More rain needed for dry forests

Downpour welcome, but hot weather forecast for later this week.

The fire danger rating in southeast British Columbia is rising again after weekend rain had reduced the threat from extreme levels.

The fire danger rating in southeast British Columbia is rising again after weekend rain had reduced the threat from extreme levels.

Although last weekend’s rain was a welcome relief from months of hot, dry weather, the region still needs more precipitation to soothe its parched forests, according to fire information officer Marg Drysdale.

Abbotsford received its largest dose of rain in nearly four months with 21.3 millimetres falling on Friday. Additional rainfalls on Saturday and Sunday brought the three-day total to 48.2 millimetres.

The last time the city had received more than 10 millimetres of rain in a day was all the way back in mid-April, with Friday’s total rainfall not surpassed since March 29.

The weekend rain moved the local fire danger rating from extreme to low, according to the BC Wildfire Service. But it has been so dry for so long, that Drysdale says much more precipitation is needed.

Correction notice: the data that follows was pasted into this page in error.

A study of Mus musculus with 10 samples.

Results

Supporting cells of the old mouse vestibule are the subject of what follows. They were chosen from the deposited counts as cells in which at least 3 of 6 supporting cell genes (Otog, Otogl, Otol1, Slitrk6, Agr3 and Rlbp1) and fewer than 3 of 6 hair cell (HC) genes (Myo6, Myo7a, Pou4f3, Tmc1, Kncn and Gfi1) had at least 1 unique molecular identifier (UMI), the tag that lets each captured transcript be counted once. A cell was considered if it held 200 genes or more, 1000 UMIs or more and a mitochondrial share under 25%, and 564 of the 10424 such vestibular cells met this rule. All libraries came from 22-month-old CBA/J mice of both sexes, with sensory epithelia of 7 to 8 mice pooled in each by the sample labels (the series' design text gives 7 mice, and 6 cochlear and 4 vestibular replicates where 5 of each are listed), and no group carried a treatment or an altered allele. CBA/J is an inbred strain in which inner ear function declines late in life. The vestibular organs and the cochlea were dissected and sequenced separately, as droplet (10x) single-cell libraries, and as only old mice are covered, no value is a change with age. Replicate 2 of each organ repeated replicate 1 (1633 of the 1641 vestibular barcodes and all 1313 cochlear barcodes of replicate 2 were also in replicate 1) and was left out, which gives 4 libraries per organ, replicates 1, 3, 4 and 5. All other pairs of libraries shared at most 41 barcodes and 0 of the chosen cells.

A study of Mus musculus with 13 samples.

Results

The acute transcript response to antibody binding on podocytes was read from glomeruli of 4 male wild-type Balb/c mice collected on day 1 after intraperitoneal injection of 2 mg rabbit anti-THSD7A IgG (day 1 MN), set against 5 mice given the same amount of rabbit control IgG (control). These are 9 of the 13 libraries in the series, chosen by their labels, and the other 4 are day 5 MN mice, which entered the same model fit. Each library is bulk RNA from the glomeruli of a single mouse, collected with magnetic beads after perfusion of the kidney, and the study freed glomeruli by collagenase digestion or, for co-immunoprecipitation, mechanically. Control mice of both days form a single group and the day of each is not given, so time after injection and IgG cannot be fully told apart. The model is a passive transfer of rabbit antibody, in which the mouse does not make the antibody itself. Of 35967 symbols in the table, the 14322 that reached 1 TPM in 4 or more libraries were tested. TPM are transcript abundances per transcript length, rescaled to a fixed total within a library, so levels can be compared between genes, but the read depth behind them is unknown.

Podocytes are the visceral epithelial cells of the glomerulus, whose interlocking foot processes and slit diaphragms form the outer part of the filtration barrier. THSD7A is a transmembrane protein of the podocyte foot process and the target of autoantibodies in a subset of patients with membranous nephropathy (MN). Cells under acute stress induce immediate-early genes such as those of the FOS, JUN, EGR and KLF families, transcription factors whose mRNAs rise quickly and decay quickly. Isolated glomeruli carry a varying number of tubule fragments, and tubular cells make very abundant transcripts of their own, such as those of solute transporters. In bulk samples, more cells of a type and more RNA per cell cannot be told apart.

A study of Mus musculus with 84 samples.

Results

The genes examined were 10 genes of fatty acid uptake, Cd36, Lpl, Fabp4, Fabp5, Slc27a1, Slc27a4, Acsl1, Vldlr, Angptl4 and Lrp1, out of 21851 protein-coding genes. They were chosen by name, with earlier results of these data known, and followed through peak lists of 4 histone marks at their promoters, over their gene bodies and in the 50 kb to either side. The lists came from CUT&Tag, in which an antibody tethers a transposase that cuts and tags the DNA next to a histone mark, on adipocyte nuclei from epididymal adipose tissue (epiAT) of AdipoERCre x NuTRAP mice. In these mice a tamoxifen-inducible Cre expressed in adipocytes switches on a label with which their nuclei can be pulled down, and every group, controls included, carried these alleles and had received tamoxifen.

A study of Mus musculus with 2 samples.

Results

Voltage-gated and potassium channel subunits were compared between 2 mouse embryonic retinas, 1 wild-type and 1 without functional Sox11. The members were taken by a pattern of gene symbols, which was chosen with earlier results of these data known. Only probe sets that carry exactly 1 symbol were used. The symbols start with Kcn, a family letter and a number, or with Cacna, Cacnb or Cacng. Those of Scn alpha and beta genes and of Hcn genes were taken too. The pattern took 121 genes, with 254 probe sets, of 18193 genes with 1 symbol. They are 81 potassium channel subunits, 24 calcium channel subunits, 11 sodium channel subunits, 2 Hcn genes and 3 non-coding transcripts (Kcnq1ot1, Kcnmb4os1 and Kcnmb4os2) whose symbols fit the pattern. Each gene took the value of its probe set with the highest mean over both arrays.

“It’s temporary, it’s good, it definitely give some hydration to the smaller fuels,” she said. But it’s not enough. “What we need is substantial, sustained rain: Enough that is going to hydrate the ground and hydrate the trees.”

Drysdale predicted the fire danger will increase quickly, aided in part by hot weather that is expected to resume this week.

Temperatures in Abbotsford are slated to hit 29 C on Wednesday and increase to 32 C on Friday.

Last weekend, the various stakeholders who operate Sumas Mountain Interregional Park chose to close a gate to the park after residents expressed concern with the fire danger and the possibility that a user might spark a blaze.

According to the City of Abbotsford: “The gate is being kept closed under the direction of the Ministry of Forests, Metro Vancouver Parks and FVRD until such time as they see that the long range forecasts would mitigate potential fires.”

At a city council meeting on Monday, staff reported while the city remains under Stage 3 water restrictions, which includes a prohibition on lawn sprinkling, it seems unlikely that Stage 4 restrictions will be necessary this year. Staff say they are continuing to monitor the city’s water reserves in case continued hot weather requires further restrictions.